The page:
It’s never good news that a substance known for ages as the “king of poisons” has found its way into a city’s water supply.
Mecklenburg County detected arsenic last month in Mountain Island Lake, Charlotte’s main source of water, at a level nearly 10 times higher than the Environmental Protection Agency says is safe in drinking water.
Arsenic was found near a discharge pipe from Duke Energy’s retired Riverbend power plant, which had been draining water from two coal ash ponds into the lake. Ash contains arsenic and other metals.
Duke acknowledges high levels of arsenic were in the water from the ponds, but said it stopped the discharge after the county reported its findings. Arsenic has not been detected in other parts of the lake, including Charlotte Water’s intake.
Duke said it will install by September a treatment system, to remove arsenic and other contaminants, before resuming drainage of the ponds.
Three things to know for now:
The arsenic poses no immediate risk to drinking water
“Arsenic’s a bad thing, no question,” said Dr. Stephen Keener, medical director of the Mecklenburg County Health Department. Long-term exposure can cause skin, hair and nail problems, and high doses over many years can lead to cancer.
Toxic doses are thousands of times higher than the 10 part per billion limit in drinking water set by the Environmental Protection Agency, Keener said.
“What’s important is continued monitoring at the (Charlotte Water) point of intake,” he said. “As long as that’s zero, there’s no indication of arsenic getting into the water supply.”
Charlotte Water reported that it detected no arsenic in drinking water in 2015.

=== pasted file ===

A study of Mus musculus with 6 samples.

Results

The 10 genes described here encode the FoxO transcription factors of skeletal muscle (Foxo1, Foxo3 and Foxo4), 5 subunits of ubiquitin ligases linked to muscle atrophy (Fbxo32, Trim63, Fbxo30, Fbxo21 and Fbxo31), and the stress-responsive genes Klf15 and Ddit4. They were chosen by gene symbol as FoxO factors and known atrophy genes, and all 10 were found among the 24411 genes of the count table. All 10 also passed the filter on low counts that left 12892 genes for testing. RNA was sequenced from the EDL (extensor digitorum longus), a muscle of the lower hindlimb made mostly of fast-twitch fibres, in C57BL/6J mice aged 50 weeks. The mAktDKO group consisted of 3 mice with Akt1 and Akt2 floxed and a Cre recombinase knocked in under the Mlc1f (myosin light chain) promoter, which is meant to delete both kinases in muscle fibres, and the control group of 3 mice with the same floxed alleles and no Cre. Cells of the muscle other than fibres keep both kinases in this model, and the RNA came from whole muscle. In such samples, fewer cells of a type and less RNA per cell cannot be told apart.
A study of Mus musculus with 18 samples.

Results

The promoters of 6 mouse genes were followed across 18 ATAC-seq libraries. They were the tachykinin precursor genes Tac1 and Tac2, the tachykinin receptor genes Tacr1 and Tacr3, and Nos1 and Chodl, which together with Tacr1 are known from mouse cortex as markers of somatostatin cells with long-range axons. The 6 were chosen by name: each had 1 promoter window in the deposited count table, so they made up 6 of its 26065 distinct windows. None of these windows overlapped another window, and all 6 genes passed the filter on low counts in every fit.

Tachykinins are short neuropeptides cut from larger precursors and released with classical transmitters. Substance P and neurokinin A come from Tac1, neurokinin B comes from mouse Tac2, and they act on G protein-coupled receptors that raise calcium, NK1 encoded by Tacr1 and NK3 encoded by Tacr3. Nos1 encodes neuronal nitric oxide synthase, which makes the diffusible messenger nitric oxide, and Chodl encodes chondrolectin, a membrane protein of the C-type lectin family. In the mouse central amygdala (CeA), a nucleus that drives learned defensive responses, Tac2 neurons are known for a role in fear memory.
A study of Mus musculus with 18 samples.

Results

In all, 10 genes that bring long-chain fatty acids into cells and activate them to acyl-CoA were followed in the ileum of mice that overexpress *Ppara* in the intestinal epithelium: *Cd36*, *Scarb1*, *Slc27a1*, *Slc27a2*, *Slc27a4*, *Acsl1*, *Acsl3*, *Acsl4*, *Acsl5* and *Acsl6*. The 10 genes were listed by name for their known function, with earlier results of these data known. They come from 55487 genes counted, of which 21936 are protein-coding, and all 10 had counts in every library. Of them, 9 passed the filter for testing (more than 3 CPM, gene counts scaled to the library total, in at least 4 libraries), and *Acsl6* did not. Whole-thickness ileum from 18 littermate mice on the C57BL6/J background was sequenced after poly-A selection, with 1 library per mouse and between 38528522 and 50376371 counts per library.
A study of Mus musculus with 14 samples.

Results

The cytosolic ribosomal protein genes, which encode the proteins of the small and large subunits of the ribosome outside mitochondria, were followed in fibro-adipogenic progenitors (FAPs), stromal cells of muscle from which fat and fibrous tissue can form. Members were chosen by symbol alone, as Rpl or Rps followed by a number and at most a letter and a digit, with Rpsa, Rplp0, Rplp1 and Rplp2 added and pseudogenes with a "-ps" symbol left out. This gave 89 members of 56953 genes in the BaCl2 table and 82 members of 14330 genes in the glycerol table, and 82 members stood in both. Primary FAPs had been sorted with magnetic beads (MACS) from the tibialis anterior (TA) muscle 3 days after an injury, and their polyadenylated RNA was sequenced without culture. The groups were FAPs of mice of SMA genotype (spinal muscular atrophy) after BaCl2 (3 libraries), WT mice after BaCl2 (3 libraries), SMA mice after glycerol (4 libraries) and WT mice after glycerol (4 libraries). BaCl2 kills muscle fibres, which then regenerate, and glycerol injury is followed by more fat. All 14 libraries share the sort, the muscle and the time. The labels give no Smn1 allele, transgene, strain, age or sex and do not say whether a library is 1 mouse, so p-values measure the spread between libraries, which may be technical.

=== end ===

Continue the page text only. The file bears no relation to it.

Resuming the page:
Water will be drained from ash ponds statewide
Draining Riverbend’s ash ponds without contaminating water supplies is important because it will be repeated at 13 other power plants across the state, Catawba Riverkeeper Sam Perkins said.
“Whether Duke Energy is going to cap in place or move coal ash at all 14 of its sites, it’s going to have to (drain) these sites,” he said. “So this is going to happen 14 times over.”
Perkins and Duke University scientists detected arsenic in lake-bottom sediment near Riverbend several years ago. The element tends to settle to the bottom in water and stick to particles.
Mecklenburg County previously found elevated levels of arsenic in the lake near Riverbend in April, and in 2010 and 2011.
“I hope whatever treatment they get in place is thorough and will get the dissolved arsenic down as far as possible,” he said.
Duke Energy might, or might not, be in trouble
Duke got permission from state regulators last December to start draining water from ash ponds at Riverbend and six other power plants.
Among the conditions set in the permission letter was that Duke not break water quality standards. It required Duke to monitor levels of arsenic and other contaminants.
The N.C. Department of Environmental Quality, separately, issued Riverbend a permit in February to regulate the process. It included limits on arsenic in an area where water drained from the ash ponds would mix with lake water. Duke challenged the permit’s terms, so it is not yet in force.
“The current permit does not have specific limits for arsenic, because the state’s evaluation showed those were not necessary to protect the lake,” Duke spokeswoman Zenica Chatman said. “We wanted to conduct our work in the spirit of the forthcoming permit, and when we saw results trending above those levels, it caused us to pause and re-evaluate.”
DEQ, meanwhile, said it will collect its own water samples and evaluate Mecklenburg County’s data before deciding whether Duke should be cited.
“The department issued a permit in 2011 that requires Duke Energy to meet water quality standards for the lake, which is 10 ppb,” said DEQ’s Stephanie Hawco. “The department has authority under that permit and under state law to hold Duke accountable for meeting water quality standards.”